Definitions key to understanding permit space entry
Date Posted: 09/12/2022
OSHA’s standard for permit-required confined spaces often raises questions on the difference between a “confined space” (also called a non-permit space) and a “permit-required confined space” (also called a permit space).
OSHA defines a confined space as one that meets the following criteria:
- Large enough for an employee to enter and work;
- Limited or restricted means of entry and exit; and
- Not designed for continuous occupancy.
OSHA doesn’t regulate employees in non-permit spaces. Those areas may be awkward to work in, but they don’t pose a significant threat. On the other hand, a permit space is a confined space that has one or more of the following:
- Contains or has a potential to contain a hazardous atmosphere;
- Contains a material that has the potential for engulfing an entrant;
- Has an internal configuration that could trap or asphyxiate an entrant by inwardly converging walls or a floor which slopes downward and tapers to a small cross section; or
- Contains any other recognized serious safety or health hazard.
Employers must identify any permit-required confined spaces and inform exposed employees by posting signs or using other effective means to identify the existence and location of (and the danger posed by) the permit spaces.
If employees will enter a permit space, the employer must develop a program to protect them from those hazards. A permit space program regulates entry and outlines the conditions that must be met to allow employee entry.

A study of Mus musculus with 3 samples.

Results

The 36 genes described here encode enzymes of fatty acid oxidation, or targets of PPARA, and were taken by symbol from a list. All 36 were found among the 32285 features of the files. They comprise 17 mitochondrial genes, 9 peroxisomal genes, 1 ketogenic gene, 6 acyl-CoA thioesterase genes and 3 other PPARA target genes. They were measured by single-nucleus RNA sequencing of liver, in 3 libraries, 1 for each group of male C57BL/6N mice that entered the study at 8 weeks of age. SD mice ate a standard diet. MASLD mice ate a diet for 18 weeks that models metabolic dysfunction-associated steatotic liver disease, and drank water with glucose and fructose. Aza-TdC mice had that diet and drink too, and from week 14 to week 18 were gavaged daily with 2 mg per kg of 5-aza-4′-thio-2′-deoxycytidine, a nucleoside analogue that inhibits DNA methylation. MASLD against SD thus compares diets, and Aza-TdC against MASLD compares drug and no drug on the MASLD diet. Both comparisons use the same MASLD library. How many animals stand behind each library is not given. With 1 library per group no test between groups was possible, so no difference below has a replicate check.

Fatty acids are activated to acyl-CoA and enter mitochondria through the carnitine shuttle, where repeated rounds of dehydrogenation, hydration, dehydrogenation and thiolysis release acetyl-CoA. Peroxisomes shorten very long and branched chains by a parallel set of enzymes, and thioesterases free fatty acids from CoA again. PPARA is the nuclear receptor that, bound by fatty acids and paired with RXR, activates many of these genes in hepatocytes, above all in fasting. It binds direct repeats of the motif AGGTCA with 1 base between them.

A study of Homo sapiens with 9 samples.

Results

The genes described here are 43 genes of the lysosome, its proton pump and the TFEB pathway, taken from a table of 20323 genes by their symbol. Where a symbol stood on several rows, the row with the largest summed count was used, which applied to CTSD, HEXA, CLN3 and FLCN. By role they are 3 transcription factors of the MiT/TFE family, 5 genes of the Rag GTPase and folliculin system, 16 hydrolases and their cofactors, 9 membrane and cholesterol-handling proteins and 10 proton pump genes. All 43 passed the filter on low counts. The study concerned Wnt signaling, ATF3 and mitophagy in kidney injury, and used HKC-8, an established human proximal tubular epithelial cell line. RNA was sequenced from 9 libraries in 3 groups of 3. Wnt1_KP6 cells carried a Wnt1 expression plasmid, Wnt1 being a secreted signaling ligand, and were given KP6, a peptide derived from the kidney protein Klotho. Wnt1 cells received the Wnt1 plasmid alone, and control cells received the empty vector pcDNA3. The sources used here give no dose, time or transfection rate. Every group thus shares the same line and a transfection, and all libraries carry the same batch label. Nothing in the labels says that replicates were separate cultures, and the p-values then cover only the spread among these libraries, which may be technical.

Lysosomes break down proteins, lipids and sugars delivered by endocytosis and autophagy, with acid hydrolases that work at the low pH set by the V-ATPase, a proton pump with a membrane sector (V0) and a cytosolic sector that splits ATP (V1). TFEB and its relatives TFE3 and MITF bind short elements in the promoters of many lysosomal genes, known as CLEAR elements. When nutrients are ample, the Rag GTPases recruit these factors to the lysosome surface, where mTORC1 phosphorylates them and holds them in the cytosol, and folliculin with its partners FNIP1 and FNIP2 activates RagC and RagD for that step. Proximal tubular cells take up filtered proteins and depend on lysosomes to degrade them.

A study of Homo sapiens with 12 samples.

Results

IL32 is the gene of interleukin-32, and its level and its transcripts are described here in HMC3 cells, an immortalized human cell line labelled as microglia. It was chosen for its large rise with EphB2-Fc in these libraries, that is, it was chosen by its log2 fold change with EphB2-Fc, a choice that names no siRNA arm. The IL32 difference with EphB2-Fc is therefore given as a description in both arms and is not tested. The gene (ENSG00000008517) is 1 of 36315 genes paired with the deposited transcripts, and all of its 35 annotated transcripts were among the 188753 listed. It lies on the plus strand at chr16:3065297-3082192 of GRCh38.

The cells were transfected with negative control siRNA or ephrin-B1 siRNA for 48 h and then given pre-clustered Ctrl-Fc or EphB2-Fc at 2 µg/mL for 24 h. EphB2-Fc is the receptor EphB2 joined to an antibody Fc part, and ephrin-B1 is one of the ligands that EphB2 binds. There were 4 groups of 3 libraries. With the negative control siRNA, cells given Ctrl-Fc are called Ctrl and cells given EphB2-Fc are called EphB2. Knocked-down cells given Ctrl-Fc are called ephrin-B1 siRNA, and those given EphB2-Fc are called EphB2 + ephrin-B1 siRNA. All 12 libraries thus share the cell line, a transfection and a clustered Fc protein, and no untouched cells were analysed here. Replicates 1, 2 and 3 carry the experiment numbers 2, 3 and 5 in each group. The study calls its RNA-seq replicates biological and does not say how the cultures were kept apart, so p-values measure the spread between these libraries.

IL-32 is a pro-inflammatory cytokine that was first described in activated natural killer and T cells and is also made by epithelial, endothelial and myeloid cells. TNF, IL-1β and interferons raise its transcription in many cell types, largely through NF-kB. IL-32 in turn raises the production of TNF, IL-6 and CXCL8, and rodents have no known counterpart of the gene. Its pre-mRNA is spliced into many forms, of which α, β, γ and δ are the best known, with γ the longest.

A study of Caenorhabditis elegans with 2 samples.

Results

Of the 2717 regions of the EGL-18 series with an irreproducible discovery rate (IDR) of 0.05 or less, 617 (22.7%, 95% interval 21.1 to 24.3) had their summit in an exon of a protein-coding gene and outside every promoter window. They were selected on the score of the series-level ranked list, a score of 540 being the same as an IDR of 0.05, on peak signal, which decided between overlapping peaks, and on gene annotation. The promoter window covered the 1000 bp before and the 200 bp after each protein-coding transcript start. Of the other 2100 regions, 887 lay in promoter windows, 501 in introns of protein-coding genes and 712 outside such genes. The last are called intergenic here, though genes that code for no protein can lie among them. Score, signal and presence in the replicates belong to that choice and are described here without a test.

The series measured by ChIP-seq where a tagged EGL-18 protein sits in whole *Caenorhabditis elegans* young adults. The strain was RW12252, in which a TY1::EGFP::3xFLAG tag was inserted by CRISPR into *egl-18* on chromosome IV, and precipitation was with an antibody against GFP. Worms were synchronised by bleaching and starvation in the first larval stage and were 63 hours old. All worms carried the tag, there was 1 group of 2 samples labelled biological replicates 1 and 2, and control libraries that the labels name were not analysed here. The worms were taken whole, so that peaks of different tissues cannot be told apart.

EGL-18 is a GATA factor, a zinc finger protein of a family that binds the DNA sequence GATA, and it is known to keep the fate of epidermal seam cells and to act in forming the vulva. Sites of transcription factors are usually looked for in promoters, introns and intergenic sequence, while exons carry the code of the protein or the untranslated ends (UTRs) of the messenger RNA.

Entry or not?
Be aware that “entry” does not necessarily mean crawling into the space. OSHA says that “entry” occurs “as soon as any part of the entrant’s body breaks the plane of an opening into the space.” Even reaching an arm into a permit space could be considered “entry.”
If employers do not allow entry, they must take steps to prevent employees from entering permit spaces. They must still inform workers about the spaces, evaluate non-permit spaces following changes in their use or configuration, and cooperate with contractors who will enter the permit spaces.
A good practice is to bar or lock the potential entry portals. In fact, OSHA has said that posting signs is not required if the only means of access requires using tools or keys, provided the employees expected to gain entry (if any) are trained.
How Safety Management Suite Can Help
If your employees enter permit spaces, they need to understand the risks. To learn more watch our webcast Permit-Required Confined Spaces: Understanding the 4 worker roles and responsibilities from September 15, 2022. We covered employees’ roles and duties regarding permit-required confined space work. Many employers tend to focus on the authorized entrant, but other roles include the entry supervisor, attendant, and rescuer. Log in or register for a free trial and access the webcast archives today!